This caught my eye while walking through Selfridges. At first I thought it was just a novel visual merchandising display from Karen Millen but on closer inspection it was something far more exciting. The concession is called Karen Millen – The Atelier and they are offering made to measure tailoring for women. I browsed round and saw this.
Aren’t these toiles exquisite? The feint lines on the calico are pencil lines and show the pinstripe or plaid pattern of the final fabric.
I love the draping on the front of this dress. The skirt front is made up of three pieces coming out diagonally from the pleating at the waist and creates a really flattering drape. I’d describe the collection as contemporary tailoring. Although the colour scheme played it safe with black, greys, whites there was a lot of texture through the use of different fabrics.
I got talking to the sales assistant and she said take up had been really good. It’s great for people who want to wear Karen Millen who don’t conform to conventional RTW sizes. The made to measure service is by appointment only. It’s also a pop up and was closing in a few days which adds to the exclusivity. She told me you first select a style from a selection of pieces. You then choose your fabric, lining and buttons, get fitted and your made to measure garment arrives six weeks later.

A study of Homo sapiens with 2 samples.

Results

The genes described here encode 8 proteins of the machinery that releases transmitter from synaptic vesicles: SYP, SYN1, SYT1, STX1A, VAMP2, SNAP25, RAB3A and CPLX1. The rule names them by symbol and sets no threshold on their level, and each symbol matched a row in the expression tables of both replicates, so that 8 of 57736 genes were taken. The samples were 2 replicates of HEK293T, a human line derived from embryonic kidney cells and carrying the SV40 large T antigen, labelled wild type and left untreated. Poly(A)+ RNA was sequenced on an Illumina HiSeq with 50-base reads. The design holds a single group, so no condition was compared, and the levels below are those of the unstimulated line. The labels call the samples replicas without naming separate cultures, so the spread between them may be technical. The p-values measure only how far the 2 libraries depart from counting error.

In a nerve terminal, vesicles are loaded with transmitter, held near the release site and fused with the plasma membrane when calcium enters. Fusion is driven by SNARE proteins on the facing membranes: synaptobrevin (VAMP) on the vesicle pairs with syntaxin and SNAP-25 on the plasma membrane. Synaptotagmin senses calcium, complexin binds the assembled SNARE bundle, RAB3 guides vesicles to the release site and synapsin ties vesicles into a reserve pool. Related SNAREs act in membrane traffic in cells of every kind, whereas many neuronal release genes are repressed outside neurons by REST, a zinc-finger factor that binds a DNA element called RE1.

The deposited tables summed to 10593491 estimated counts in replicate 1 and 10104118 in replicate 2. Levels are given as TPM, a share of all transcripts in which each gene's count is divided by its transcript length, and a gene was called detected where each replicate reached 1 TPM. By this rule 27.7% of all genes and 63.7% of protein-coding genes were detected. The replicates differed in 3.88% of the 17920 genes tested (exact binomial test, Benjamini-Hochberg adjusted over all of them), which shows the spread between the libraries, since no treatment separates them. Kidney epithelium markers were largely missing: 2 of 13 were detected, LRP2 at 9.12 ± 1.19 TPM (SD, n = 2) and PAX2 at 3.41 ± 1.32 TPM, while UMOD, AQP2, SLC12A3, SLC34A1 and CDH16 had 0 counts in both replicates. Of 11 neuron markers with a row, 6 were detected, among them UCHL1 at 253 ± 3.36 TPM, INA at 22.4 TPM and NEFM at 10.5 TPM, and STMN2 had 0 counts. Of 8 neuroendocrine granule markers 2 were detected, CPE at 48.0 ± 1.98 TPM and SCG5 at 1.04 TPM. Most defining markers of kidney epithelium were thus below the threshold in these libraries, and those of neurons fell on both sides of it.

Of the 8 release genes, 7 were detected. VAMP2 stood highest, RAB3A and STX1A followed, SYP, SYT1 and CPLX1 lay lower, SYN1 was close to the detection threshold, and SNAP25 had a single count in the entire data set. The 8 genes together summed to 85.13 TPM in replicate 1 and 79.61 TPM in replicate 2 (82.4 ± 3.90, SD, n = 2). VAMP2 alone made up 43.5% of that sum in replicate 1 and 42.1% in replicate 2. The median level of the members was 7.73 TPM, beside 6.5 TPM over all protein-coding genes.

The pieces in the collection were beautifully cut and made with luxury fabrics. Bespoke was available for coats, jackets, trousers and skirts, wardrobe staples people are willing to part serious cash for. Confusingly two of the toiles on display were dresses but I suppose they were there to show off the design process. I had a peek at the prices to compare off the peg with custom made. A classic black wool trench coat was £375 from the rail but starts from £900 made to measure. Yes, pricey and out of reach of most people’s budgets. But hey it’s Selfridges and I can see it competing with the designer collections a few floors up. Jackets start at £600, trousers £300 and skirts £200.
It’s interesting to see a women’s wear retailer offering the same bespoke service as a Savile Row tailor. And there seems to be a market for it. What piqued my interest, apart from getting to see industry standard toiles and patterns up close, was that The Atelier was giving the non sewist a taste of what I love about sewing, namely input into the design of a garment. Here’s a list of what you can personalise.
But I love sewing not just for the design element but also for the making part too. So even if I did have a spare £900 for a bespoke coat I would much rather sew my own.